Montpelier officials unhappy with Berlin Pond ruling
MONTPELIER -- The state has decided not ban fishermen, paddlers and swimmers from the waters of Berlin Pond, the Department of Environmental Conservation announced Thursday.
After months of deliberation, DEC upheld a petition submitted by the city of Montpelier to ban motorized vehicles and boats but permitted other recreational use of Montpelier's water source.
The issue arose after a May 2012 Vermont Supreme Court decision allowed the 256-acre pond to be reopened to public access after years of being off-limits.
Last spring, the group Citizens to Protect Berlin Pond submitted a separate petition pushing to prohibit recreational use of every kind. DEC denied that request.
"We looked at the capacity of the Montpelier drinking water system and found that they have a state-of-the-art system that can easily handle the kind of contaminants associated with kayakers, or canoeing, bacteria, anything else associated with humans being in contact with water," said David Mears, commissioner of the Department of Environmental Conservation. "It's really not an issue."
About 40 percent of Vermonters drink water from a source where public access is permitted, according to Tim Raymond, of the Drinking Water and Groundwater Protection Division of the DEC. Close to 20,000 residents from Montpelier and parts of Berlin consume water from Berlin Pond, said Rep Warren Kitzmiller, D-Montpelier.
Mears and his family live in Montpelier and drink the water from Berlin Pond, he said. Mears said his friends and neighbors gave him plenty of feedback, and "I may have lost a few dinner invitations as a consequence of this," he said with a smile.
The rulemaking process will begin immediately, and will take up to a year, he said. During that time, there will be opportunities for public input and, eventually, for an appeal to be filed.
At a news conference at ANR headquarters Thursday, several members of Citizens to Protect Berlin Pond arrived with "Protect Berlin Pond" pins and expressed their disappointment with the decision. Petroleum contamination, zebra mussels and coliform bacteria are among the contamination concerns voiced by the group. A rally is scheduled to be held on the Statehouse lawn on Saturday.
Pushback to the decision has come from all sides.
Kitzmiller said he will investigate legislative options to protect the drinking water next session.
"There has never been an instance in the world ever where human interaction has improved the body of water," he said. "A lot of their decision seems to rely on laws that relies on no effective enforcement."
No one can expect a game warden to constantly be patrolling the pond to look out for accidental oil spills or an illegal boater, Kitzmiller said
The risks, agreed Montpelier Mayor John Hollar, do seem to outweigh the benefits.
The city "wholeheartedly" supported the petition filed by the citizens' group, Hollar said. He called the city's own filing asking for the ban on motorized vehicles "a pragmatic response."
"We believe it was likely the best we were going to get and that turned out to be true. We do believe that the agency should have gone further," he said.
In alignment with Montpelier's request, the DEC ruling banned all gas-powered ice-augers or power tools, vehicles such as snowmobiles, ATVs, trucks and all motorized boats. The city's water treatment system can remove contaminants associated with petroleum products, Mears said, but they could still pose a risk for the system.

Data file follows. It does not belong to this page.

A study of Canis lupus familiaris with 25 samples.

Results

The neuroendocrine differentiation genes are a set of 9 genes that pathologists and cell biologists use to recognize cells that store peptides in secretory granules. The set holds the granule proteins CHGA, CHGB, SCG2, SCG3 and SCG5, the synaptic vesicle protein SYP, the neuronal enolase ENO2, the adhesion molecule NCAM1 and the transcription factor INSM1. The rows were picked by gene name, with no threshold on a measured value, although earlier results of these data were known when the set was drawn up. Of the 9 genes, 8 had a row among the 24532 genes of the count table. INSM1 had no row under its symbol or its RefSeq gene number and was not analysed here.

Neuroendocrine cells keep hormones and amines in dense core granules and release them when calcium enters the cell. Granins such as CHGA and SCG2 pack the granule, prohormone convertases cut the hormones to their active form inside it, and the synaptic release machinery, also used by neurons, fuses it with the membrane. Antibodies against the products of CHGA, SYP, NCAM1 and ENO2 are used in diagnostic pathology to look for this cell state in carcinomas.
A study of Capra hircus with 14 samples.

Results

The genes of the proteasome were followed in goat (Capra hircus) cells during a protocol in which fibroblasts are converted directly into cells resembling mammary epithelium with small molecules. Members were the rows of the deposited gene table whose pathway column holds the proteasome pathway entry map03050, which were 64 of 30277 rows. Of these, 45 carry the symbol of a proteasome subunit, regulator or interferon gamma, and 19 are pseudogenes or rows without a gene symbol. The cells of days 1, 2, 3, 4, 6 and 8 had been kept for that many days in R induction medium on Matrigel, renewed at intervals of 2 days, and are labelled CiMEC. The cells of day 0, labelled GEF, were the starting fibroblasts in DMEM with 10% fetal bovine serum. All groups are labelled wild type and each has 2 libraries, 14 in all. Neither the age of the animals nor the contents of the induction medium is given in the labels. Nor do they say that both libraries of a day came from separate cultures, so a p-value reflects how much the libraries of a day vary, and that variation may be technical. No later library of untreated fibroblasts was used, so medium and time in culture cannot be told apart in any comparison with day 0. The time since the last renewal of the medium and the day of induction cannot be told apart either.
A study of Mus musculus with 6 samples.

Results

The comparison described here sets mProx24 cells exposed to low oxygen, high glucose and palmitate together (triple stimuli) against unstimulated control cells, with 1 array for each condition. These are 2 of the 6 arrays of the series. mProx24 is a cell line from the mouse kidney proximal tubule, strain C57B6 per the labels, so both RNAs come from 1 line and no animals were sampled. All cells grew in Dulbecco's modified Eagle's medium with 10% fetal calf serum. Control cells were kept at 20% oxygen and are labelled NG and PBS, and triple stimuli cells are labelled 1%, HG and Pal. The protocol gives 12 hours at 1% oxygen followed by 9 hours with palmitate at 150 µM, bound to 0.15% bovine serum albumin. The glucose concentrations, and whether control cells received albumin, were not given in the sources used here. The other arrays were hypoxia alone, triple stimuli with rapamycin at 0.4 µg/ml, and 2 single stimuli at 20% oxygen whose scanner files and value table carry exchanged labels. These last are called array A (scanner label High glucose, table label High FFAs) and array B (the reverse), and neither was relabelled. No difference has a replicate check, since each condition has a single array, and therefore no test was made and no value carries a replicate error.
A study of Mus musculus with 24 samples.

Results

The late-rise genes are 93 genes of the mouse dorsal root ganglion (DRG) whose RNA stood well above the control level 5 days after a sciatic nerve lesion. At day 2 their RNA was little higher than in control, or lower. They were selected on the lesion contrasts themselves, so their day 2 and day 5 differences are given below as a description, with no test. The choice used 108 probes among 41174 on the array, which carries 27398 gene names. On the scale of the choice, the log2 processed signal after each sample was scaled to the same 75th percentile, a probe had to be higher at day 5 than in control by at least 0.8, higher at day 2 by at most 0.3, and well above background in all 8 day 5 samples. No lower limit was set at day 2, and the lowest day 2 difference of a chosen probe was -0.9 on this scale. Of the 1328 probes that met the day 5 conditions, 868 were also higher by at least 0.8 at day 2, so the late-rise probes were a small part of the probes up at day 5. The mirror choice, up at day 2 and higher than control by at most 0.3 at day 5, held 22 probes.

The DEC ruling didn't meet all the Montpelier's requests. Mears and his team of experts did not ban ice shanties or explicitly ban the use of petroleum as the city had asked, saying: "These rules aren't in place to ban any particular product."
"One of the great pleasures of this job is to be in a position where people care so deeply about these resources, about gems like Berlin Pond," Mears said. "And so it was a challenging decision in the sense that I know what motivated the citizens to file a petition and the city to file theirs was deep concerns about the safety of the city's drinking water and the natural beauty and aesthetics and usage that we've grown accustomed to in Berlin Pond."
He said DEC does not anticipate any problems.
"Of course, if all of a sudden if we started seeing a trend toward an increase in contaminant levels, we would step back and reevaluate," Mears said.
In City of Montpelier v. Barnett, the state's highest court ruled that the pond falls within state, not city, jurisdiction. The decision added that the ruling did not mean that recreational use could not be banned or regulated.
"We conclude only that valid regulation would require action by the State - either by direct regulation or by delegating such power to the City - and this has not yet occurred," the ruling stated.
Before the decision, recreational use of all kinds was prohibited.
A group of concerned residents formed the Citizens to Protect Berlin Pond group soon after the court ruling.
"Our goal is to return Berlin Pond to the full protection it enjoyed for more than a century," reads a statement on the group's website. "This protection has historically ensured a safe, clean, and sustainable water supply for Vermont capitol city and its environs."
Although DEC says its studies have shown that recreational use will not pose a risk for Montpelier residents, Hollar said he's seen conflicting reports from scientists.
His conclusion is better safe than sorry.
"It's a measurable risk and there seems to be very minimal gain," Hollar said. "The fact is, historically, it has been left alone, and restricted in terms of human access. I don't think it's caused anyone any great difficulty."